Jockey Frye beats the odds after near-tragedy
Four months ago Ashley Frye was living the dream.
The talented jockey was the leading apprentice in the South Island, but in the blink of an eye she was left fighting for her life with just a 50 per cent chance of survival.
Her mount, Zuleika, suffered a heart attack which sent Frye head-first into the Ashburton track with such force her helmet was knocked off.
The then 18-year old was left with a fractured vertebra, broken collarbone and suspected brain damage.
Less than four months on, Frye is recovering well and thankful she is alive to tell the story.
"I'm lucky to be here - most people that suffer raceday falls don't come off as good as me."
She was a friend of Ashlee Mundy, who suffered fatal head injuries in a mid-race fall in December 2012 at Kurow.
Frye has no recollection of the incident on March 14 that left her unconscious for so long that she was placed in an induced coma with no guarantees she would ever wake up.
Her partner, Matt Cropp - also a jockey - and her racing parents Danny and Kay staged a bedside vigil for seven "intense days".
"The hardest part was not knowing what was going to happen," Cropp said.
"The doctors couldn't give us any information that we wanted to hear, it would only be 50/50 and nothing more."
Two days after the fall, Cropp feared the worse.
"When I saw her on the Saturday I started having fears. Her head was massive, it looked like she had been in a car accident and you couldn't even recognise her.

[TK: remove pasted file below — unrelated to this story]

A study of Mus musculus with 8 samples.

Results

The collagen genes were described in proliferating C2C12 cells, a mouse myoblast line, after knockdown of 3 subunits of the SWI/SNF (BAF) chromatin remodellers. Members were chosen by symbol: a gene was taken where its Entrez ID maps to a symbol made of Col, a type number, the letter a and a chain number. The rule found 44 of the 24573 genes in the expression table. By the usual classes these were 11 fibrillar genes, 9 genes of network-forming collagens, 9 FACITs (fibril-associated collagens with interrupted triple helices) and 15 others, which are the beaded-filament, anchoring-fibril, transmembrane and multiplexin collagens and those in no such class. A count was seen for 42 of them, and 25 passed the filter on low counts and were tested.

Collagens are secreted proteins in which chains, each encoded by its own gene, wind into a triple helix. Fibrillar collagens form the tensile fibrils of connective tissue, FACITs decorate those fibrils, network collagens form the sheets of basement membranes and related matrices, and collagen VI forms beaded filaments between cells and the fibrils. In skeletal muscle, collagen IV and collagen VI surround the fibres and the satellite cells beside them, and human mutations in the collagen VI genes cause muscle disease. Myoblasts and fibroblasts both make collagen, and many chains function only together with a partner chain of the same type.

"I started having some real doubts then.
"You start to think, ‘is she actually going to come out of this?'."
Cropp described the day Frye woke from her coma as the best day of his life. But there was still a long way to go for Frye.
Even weeks after she had regained consciousness, Frye - lying in rehab with a neck brace on - would ask Cropp if she was just in a really long nightmare.
"I was thinking ‘I've been asleep for a really long time, when am I going to wake up and this bad dream will end'?"
But she continues to improve, and other than a small scar above her left eye she now has no recognisable injuries.
"The doctors are saying I should make a full recovery in time."
Frye is still struggling with some aspects of life, including short-term memory. But minor and temporary health problems no longer seem a big deal for a family who are just happy to have their partner and daughter home.
She is now back working around the stables and says her love for the industry is as strong as ever.
With her father and partner riding competitively, Frye says she worries about them more after her fall, but still believes racing is no more dangerous than other sports.
"She [Zuleika] was really young to have a heart attack. It was just a freak accident and it hasn't put me off riding at all."